At Highland Christian Center, the sermon is on Sunday. But lessons are being taught all week long at summer camp, designed to empower kids and counter gun violence.

PORTLAND, Oregon — As Portland city officials struggle to curb a rise in gun violence, organizers of a free summer camp in northeast Portland are hoping to make a difference of their own. The goal here is to empower kids in some of the neighborhoods hardest hit by gun violence.

For the youngest kids at Highland Youth Leadership Academy summer camp, it may start as simply as playing by the rules; a game of “red light, green light” is good for that.

However, the ultimate goal is to counter the violence in our streets, said Highland Christian Center Senior Pastor Dr. Shon Neyland.

“And so the purpose behind this camp is to build self-esteem, to build entrepreneurship — ideas to counter and change the narrative ... and as I often say, it begins with mentorship,” said Neyland.


"These kids, these kids ... I love them, they put a smile on my face," said 15-year-old Antwaun Spencer.

Spencer says this is more than just a summer job for him. It's about connecting with kids who, like him, may not live in the safest neighborhood.

“I just want to make them feel included — and if they have problems at home, I want them to come here and feel free to be happy and laugh," he said.

19-year-old Davion Cunningham, who everyone calls "D," said he's lost two friends to the city's gun violence, and he doesn’t wish it on anybody.

“I'm here to just give back to the community, to be with the kids — have fun, of course ... and just get them onto the right path where they don't have to be on the streets or go to the wrong way of life,” said Cunningham.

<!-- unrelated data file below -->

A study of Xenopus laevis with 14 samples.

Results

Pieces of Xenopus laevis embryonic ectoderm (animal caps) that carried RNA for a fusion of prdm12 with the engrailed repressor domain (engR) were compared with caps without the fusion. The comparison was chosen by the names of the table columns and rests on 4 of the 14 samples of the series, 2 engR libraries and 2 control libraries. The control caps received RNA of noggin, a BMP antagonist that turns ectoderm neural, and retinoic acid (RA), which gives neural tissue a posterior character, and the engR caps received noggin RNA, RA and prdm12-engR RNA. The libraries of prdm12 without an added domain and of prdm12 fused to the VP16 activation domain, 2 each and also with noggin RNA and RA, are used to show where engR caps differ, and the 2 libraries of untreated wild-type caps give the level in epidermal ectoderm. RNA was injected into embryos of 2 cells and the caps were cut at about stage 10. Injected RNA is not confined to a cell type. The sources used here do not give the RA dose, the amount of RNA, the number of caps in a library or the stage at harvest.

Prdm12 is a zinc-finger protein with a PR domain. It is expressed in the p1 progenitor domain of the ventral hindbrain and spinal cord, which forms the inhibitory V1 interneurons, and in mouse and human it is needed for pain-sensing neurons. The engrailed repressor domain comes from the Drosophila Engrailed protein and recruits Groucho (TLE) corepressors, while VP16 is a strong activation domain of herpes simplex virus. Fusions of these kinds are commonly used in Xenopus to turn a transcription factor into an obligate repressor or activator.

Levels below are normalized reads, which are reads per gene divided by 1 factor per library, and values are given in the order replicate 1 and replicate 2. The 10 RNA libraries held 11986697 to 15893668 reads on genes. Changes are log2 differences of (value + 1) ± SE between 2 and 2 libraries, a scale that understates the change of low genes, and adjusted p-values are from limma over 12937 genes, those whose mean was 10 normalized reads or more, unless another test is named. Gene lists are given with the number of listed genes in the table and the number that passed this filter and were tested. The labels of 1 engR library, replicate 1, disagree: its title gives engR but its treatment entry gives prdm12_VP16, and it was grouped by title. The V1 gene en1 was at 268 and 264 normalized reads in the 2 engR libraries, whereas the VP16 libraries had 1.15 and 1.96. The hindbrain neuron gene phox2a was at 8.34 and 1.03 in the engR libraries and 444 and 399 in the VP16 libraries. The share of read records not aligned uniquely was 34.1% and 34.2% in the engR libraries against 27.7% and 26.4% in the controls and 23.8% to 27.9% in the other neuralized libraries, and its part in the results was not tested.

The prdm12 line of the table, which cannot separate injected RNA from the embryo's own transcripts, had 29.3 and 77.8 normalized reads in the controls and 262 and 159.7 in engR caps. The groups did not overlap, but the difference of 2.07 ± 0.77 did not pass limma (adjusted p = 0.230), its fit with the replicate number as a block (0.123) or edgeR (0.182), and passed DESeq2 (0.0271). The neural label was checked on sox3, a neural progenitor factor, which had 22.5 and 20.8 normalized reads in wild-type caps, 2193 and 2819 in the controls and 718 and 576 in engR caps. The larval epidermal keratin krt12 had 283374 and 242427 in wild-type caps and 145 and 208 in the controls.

Seventy kids up to age 15 are enrolled, and there is classroom time at camp designed to help them explore who they are and want to be.


Inyla Hollis is back from college in Atlanta, mentoring kids who in summertime can have too much time on their hands.

“When they're here they have something constructive to do. They have food, drinks every day, they're here making new friends we teach them stuff — like right now they’re in there making vision boards, writing down what they want to be when they grow up,” said Hollis.

Dreams both big and small are supported here.

"One of the lines in our motto is ‘I believe in myself and others believe in me,’ said camp director Donya Frazier. "So it's very much important to me to let the kids know that I do believe in them, I believe that they can be great, I believe that they can achieve their goals, I believe that they can be who they want to be and be an asset to their community."

Frazier shared that she, too has been affected by gun violence, and her work on the camp and with the kids is her way of giving back and processing her own loss.


The Highland Haven is also raising money for The Johnson Family Scholarship, which was created to assist students in lessening the burdens associated with attending college by providing financial and advisory support to students seeking higher education.